The New Hampshire Lottery has a statewide monopoly on legal sports betting. It now believes it should have the same power when it comes to betting on horse races online. For that reason, the state’s attorney general’s office is now looking into TwinSpires, New Hampshire.
A lottery executive says the state is losing out on hundreds of thousands of dollars in revenue. Whether the AG’s office will turn its operation in the state from gray to black is uncertain, though.
TwinSpires New Hampshire running afoul of lottery interests
New Hampshire Lottery Executive Director Charlie McIntyre recently told Adam Sexton of WMUR that TwinSpires takes online bets on horse races in the state in a “grey area.”
“They are not regulated by us, nor do they operate within the confines of state law,” McIntyre stated.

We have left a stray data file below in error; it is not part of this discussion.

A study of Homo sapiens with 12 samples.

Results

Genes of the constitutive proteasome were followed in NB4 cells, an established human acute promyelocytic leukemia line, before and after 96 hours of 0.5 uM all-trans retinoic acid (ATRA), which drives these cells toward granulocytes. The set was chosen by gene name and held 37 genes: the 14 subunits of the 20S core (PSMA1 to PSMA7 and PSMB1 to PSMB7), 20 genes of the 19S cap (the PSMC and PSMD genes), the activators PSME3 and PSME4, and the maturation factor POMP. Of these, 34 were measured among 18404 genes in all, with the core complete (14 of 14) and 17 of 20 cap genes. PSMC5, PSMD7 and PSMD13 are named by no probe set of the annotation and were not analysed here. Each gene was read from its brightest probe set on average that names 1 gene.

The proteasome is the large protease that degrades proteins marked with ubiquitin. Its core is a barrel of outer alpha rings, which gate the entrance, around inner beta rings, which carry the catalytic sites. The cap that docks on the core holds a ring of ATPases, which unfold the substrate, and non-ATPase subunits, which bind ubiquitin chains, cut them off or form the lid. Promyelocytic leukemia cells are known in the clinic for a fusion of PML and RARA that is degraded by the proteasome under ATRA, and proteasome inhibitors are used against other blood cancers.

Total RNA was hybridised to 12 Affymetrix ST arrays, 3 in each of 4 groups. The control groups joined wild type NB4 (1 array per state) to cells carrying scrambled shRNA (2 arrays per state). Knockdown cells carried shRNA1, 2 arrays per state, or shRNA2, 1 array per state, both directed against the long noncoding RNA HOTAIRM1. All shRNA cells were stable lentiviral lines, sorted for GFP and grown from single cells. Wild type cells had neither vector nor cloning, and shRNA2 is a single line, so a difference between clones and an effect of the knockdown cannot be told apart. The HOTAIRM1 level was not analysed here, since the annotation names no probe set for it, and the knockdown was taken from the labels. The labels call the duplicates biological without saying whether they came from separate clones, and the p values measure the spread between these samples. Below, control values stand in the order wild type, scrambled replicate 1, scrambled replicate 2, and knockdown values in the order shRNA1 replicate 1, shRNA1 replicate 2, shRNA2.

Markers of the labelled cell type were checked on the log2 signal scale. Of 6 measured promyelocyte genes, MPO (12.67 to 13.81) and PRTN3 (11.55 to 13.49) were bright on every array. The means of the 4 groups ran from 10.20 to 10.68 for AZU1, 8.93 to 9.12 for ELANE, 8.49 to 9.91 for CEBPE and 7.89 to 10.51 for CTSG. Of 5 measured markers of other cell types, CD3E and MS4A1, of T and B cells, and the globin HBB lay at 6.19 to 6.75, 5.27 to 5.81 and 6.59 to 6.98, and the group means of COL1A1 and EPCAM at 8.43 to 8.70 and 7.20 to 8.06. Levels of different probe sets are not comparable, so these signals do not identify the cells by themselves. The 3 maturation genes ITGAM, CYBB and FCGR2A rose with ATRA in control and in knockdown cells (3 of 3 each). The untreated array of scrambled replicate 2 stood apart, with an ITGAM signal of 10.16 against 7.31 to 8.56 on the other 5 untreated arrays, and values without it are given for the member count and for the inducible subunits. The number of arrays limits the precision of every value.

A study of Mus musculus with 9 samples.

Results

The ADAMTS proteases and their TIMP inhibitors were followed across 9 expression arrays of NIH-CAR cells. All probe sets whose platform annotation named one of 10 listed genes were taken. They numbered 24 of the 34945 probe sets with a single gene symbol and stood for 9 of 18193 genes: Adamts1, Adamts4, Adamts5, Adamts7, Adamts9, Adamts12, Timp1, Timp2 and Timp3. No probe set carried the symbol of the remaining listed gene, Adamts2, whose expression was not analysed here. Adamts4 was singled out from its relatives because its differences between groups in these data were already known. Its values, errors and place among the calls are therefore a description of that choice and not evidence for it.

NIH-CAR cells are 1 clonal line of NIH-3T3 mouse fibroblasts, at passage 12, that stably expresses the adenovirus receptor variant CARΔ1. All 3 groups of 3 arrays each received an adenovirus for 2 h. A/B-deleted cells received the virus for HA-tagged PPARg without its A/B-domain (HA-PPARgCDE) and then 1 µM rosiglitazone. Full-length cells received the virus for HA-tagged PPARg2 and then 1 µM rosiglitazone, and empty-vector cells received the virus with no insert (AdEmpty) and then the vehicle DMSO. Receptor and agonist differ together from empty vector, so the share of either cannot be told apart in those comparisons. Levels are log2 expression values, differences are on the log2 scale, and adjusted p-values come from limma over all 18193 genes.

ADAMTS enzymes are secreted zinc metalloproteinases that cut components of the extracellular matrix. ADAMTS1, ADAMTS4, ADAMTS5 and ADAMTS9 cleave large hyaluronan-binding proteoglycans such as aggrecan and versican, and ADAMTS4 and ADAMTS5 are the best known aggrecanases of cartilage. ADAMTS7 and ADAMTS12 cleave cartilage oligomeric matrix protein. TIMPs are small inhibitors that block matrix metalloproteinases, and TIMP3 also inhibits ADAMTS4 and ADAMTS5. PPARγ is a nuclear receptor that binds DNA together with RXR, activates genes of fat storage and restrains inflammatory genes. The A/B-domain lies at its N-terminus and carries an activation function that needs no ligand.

“It is a gray area of concern for us because all of the gambling in this state happens through us. We license or regulate it. In this case, neither.”
To McIntyre’s point, that’s how DraftKings takes online sports bets in New Hampshire. It has a license from the lottery to do so.
McIntyre says he approached TwinSpires’ owner, Churchill Downs Inc., about resolving the issue. So far, though, there is no change. McIntyre says the amount of money the state has been losing out on comes to hundreds of thousands of dollars each year.
While attempts to cut a deal with TwinSpires seem unfruitful so far, that might be on the table soon. The Lottery has been successful in enlisting the aid of the state government.
Attorney general to take a closer look at TwinSpires
The state’s attorney general, John M. Formella, says that his office will look into the Lottery’s complaint. Sexton reports a comment from the office.
“The New Hampshire Dept. of Justice takes questions of potentially illegal activity related to gambling in the state very seriously. We have been made aware of concerns related to Churchill Downs’ TwinSpires app and are reviewing them.”
Whether the AG will take any action remains uncertain. It will all depend on the interpretation of existing laws and the ability to prosecute Churchill Downs in accordance with them.
At the very least, though, TwinSpires’ operation in the state is under scrutiny for now.